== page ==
Marketers worldwide will spend $4.05 billion on Facebook advertising this year, a new report by eMarketer predicts.
In the United States alone, marketers will shell out $2.19 billion in 2011, the study said. By comparison, companies spent a total of $1.86 billion in 2010: Of that, $1.21 billion was used to reach consumers in the United States, while marketers spent the remaining $65 million to influence the rest of the world, eMarketer's study said. This adds up to an average ad rate of approximately $8.10 per person. By comparison, TV commercials can cost about $100,000 per 30 seconds, although there are many variables, such as market, time, and programming, that can dramatically alter the price.
"2010 was the year that Facebook firmly established itself as a major force not only in social network advertising but all of online advertising," said Debra Aho Williamson, eMarketer principal analyst and author of the upcoming report, "Worldwide Social Network Ad Spending: 2011 Outlook." "In 2011, its global presence is something multinational advertisers can't ignore."
Facebook is expected to represent 7.8% of the U.S. online ad market this year compared with its 4.7% share in 2010, eMarketer said.
"If Facebook can continue to increase its global user base and boost the amount of revenue it generates per user, it could even surpass these forecasts," Williamson said. "Facebook must continue to innovate its user experience and its ad platform."
Businesses will slash ad spending at faltering MySpace, reducing their budgets to $184 million in 2011 from last year's $288 million and $470 million in 2009, the report said.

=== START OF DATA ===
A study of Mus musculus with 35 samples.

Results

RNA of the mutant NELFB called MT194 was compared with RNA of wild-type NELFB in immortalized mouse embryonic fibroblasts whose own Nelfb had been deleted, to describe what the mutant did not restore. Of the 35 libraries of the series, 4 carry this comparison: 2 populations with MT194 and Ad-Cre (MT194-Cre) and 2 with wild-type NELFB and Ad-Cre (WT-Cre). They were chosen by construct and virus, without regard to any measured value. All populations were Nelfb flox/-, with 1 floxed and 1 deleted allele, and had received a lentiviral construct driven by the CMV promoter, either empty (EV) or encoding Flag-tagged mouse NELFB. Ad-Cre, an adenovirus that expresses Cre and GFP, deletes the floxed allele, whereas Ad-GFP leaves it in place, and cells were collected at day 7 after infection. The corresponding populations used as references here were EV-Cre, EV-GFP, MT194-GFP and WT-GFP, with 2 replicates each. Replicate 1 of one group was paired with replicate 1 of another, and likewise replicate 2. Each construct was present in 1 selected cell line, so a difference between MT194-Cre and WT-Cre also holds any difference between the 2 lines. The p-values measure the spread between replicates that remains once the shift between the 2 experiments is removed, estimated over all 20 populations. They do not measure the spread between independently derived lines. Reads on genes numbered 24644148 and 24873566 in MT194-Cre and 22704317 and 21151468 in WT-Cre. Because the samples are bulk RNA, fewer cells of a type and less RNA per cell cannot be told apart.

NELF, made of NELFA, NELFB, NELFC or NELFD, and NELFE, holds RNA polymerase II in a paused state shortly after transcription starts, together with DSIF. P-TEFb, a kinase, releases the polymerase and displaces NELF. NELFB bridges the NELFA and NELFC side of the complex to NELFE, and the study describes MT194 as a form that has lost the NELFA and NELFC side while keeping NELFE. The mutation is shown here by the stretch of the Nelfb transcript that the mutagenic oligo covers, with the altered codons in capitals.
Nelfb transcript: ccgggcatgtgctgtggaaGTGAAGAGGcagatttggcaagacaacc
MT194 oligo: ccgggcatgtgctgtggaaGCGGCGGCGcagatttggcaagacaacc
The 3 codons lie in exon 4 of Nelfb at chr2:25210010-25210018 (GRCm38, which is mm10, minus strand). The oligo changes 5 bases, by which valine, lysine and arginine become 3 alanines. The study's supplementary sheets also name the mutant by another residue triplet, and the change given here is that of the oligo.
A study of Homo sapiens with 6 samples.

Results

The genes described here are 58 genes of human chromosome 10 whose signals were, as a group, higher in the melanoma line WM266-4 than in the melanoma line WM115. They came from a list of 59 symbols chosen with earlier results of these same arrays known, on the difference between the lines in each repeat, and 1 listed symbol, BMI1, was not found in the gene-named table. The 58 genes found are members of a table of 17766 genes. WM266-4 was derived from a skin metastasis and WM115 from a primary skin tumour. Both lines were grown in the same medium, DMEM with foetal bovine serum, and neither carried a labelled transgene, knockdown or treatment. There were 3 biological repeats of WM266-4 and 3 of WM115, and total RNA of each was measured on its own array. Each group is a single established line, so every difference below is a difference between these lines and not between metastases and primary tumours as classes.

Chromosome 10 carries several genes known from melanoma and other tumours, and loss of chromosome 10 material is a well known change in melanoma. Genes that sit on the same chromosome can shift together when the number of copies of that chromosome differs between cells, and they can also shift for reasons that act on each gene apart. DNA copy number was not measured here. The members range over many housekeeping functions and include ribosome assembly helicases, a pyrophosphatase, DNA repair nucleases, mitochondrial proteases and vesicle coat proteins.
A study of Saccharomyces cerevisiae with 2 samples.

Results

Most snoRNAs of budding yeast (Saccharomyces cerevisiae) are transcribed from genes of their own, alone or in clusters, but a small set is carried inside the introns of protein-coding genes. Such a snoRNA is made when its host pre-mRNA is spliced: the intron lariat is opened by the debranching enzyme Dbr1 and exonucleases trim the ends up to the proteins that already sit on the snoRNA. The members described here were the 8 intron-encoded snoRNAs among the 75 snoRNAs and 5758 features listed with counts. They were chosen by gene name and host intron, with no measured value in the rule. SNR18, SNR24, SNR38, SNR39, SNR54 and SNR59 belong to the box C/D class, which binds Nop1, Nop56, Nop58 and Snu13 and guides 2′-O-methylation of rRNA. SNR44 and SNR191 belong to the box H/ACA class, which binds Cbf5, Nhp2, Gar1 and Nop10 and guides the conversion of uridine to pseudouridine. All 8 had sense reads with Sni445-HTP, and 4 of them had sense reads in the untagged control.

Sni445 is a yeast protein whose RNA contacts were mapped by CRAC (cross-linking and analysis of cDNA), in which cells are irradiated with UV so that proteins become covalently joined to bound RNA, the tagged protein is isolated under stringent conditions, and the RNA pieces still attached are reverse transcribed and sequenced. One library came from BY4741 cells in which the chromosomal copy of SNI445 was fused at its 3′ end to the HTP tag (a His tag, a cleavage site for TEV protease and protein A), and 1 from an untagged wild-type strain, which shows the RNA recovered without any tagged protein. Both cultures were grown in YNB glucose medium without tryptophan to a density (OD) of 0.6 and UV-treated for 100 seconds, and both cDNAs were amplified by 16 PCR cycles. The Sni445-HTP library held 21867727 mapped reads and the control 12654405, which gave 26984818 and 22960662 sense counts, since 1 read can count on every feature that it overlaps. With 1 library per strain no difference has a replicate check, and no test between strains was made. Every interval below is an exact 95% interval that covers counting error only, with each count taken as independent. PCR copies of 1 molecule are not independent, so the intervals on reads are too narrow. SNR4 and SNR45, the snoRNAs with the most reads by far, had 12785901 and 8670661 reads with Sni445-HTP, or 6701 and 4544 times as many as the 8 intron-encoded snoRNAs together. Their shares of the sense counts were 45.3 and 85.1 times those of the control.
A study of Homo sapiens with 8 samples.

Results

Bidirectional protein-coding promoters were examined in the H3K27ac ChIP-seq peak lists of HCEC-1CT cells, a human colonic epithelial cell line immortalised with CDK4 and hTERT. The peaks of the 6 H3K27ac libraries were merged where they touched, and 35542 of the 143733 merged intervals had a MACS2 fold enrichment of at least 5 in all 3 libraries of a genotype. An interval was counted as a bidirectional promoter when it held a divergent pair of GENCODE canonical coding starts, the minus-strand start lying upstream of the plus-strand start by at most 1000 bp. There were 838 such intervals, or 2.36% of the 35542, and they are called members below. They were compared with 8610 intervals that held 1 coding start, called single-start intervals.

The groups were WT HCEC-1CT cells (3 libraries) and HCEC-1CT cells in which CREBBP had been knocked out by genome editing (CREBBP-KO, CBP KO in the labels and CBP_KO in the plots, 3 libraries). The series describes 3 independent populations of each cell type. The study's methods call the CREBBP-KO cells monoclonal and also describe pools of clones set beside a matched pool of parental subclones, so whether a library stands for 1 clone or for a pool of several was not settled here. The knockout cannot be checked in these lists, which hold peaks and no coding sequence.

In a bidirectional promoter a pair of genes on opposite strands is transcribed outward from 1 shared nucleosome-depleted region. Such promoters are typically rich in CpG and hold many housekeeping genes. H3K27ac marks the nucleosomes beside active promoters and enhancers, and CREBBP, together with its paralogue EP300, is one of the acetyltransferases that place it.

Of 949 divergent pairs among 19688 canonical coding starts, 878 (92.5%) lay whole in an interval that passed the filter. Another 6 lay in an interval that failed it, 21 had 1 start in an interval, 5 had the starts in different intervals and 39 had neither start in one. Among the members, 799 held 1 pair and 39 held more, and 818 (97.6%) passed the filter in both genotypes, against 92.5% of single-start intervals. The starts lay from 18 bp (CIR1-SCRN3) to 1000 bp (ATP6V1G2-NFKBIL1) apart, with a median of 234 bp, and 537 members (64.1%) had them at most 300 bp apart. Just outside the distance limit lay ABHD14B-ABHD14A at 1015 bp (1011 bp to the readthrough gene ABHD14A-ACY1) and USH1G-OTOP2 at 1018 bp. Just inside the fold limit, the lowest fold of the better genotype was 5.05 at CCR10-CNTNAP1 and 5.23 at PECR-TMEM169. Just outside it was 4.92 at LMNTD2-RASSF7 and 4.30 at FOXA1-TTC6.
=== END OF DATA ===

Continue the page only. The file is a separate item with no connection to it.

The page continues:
Other social media sites will see gains, however. After all, total U.S. ad spending on social media sites is expected to grow 55% compared with 2010, to over $3 billion, rising an additional 27.7% in 2012 to reach almost $4 billion, eMarketer said. In the United States, social media ad dollars will represent 10.8% of total online spending; worldwide, it will represent 8.7% of spending, the study said.
In 2010, 60% of Facebook's ad revenue came from smaller companies, according to Advertising Age, which cited eMarketer data. A year earlier, smaller firms generated about half of Facebook's ad sales, the industry publication said.
"Those advertisers are really juicing Facebook's growth," Williamson told Advertising Age. "They buy advertising in bulk. They've done it for years on Google, and now they're taking that expertise to Facebook."
Big-name advertisers such as AT&T, Match.com, Coca-Cola, and Proctor & Gamble helped Facebook generate $740 million in sales last year, Advertising Age said.
Advertising is not privately held Facebook's sole source of revenue. The company's Facebook Credits virtual currency, which it sells to users for playing games and the purchase of virtual gifts, is expected to soon account for about one-third of Facebook's total revenue, said Sean Parker, former Facebook president and Napster co-founder, last summer. His comments, made at an industry conference, contradicted statements made in April by Facebook founder Mark Zuckerberg.
"You may not believe me when I say this," said Zuckerberg in April 2010 at the f8 developer conference, as reported by SocialBeat. "We are doing it for developers. But it's not a revenue opportunity anytime soon. Ads are a very good business." Facebook Credits were, instead, created to help developers easily monetize their games through services or the sale of virtual goods, he said.